Aug 16, 2023 - Business

Tribal casinos and card rooms set to escalate dispute in Sacramento

Photo of hands dealing cards on a table with the words "Casino Resort" embroidered in it

The Chumash Casino Resort, located in Santa Ynez Valley and owned by the Santa Ynez Band of Chumash Mission Indians. Photo: Spencer Weiner/Los Angeles Times via Getty Images

A longtime conflict between tribal casinos and operators of card rooms, gambling establishments that offer card games like poker, is gaining steam again as state legislators return to session.

Driving the news: Senate Bill 549 would give tribal nations a three-month window in 2024 to take legal action against card rooms in disputes over the kinds of games featured in the latter.

  • The tensions are rooted in California law, which mandates that card rooms give all players an equal chance at serving as the dealer via rotations.

Why it matters: Tribal nations' ability to operate casinos independent of the state was an arrangement made with the federal government in a bid to attain more control over their economic development.

  • The change led to increased employment and lower mortality among Native Americans after California voters backed a constitutional amendment to enshrine it in law in 2000.

Be smart: The key distinction between card rooms and tribal casinos is the games they're allowed to run.

  • Federally recognized tribes have the freedom to offer slot machines, lottery games and "banked" card games — like traditional blackjack, in which the casino acts as the bank handling wagers.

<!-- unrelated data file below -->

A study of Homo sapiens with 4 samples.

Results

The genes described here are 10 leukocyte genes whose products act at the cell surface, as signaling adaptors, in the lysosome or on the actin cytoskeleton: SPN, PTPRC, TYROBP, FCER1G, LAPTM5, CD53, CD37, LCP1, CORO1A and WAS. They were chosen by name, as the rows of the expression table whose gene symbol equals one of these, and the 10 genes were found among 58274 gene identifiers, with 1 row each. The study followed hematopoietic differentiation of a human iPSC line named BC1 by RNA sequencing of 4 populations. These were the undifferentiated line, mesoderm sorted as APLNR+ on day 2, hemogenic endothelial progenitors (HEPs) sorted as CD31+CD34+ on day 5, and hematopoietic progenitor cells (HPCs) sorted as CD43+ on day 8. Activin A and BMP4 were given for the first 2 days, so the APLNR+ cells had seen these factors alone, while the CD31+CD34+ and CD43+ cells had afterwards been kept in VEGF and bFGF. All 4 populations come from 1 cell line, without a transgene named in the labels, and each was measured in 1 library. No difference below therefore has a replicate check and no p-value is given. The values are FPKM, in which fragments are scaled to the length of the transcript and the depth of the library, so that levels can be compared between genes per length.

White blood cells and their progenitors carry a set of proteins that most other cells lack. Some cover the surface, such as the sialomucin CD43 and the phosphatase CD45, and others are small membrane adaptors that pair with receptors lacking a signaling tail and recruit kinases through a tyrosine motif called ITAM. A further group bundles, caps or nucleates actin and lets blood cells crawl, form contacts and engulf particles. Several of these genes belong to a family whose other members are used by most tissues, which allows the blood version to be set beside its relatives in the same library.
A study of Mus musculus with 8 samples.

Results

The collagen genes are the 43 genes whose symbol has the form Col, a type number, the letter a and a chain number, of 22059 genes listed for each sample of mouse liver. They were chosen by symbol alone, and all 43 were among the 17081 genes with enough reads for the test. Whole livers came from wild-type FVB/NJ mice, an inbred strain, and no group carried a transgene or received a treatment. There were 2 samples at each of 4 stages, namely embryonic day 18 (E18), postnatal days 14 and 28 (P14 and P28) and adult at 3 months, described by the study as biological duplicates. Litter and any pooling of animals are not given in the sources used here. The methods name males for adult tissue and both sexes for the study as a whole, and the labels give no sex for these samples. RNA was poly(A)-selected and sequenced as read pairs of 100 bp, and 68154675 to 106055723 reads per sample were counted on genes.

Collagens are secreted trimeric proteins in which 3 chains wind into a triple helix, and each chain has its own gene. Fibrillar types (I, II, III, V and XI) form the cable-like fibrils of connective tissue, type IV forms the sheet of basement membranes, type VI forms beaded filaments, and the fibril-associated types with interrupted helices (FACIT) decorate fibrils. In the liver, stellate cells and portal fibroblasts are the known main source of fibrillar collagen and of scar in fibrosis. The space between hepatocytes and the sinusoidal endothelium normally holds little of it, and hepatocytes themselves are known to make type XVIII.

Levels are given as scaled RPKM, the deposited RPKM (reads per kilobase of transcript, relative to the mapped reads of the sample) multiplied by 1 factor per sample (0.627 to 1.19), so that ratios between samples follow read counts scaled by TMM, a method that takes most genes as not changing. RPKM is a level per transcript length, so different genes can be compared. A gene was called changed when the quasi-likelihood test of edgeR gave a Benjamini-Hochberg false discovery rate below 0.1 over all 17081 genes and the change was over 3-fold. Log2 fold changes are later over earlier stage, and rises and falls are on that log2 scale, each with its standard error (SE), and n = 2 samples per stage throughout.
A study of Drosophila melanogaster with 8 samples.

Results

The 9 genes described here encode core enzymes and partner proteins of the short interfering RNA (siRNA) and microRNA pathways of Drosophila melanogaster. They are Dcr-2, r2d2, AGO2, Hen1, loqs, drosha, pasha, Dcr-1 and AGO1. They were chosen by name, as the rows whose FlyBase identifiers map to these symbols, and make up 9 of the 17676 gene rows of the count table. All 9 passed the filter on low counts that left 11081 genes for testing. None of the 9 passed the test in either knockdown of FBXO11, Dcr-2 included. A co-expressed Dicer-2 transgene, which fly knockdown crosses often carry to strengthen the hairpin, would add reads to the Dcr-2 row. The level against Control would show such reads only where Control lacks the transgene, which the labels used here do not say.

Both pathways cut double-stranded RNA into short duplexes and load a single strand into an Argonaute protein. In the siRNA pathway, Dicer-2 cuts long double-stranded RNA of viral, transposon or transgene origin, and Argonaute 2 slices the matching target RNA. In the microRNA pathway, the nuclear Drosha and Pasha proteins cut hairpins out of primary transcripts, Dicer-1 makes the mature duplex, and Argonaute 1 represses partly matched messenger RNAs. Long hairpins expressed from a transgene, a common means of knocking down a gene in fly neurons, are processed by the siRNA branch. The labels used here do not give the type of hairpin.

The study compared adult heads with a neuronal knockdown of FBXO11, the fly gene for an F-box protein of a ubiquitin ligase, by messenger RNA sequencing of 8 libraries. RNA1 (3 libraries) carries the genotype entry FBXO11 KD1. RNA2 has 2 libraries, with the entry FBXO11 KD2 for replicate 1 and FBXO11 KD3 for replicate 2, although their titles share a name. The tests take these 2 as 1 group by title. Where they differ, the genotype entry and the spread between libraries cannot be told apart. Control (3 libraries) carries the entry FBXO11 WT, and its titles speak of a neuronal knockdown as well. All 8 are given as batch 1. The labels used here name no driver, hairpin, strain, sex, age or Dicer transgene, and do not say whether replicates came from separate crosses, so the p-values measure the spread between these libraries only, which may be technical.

• Card rooms can only provide "player-dealer" games, including poker and pai gow.

Context: In recent years, tribal casinos have alleged that card rooms — including some in San José — are violating gambling law and infringing on their exclusive right by offering "banked" card games.

  • The bill replicates Proposition 26, which California voters rejected last November.
  • Both sides are expected to pump a lot of political money into their campaigns as the Legislature reconvenes this week, CalMatters reports.

The big picture: California is considered the birthplace of tribal casinos largely due to the 1987 Supreme Court ruling in California v. Cabazon Band of Mission Indians, which affirmed that tribes have the sovereignty to operate casinos on reservation lands that fall outside state jurisdiction.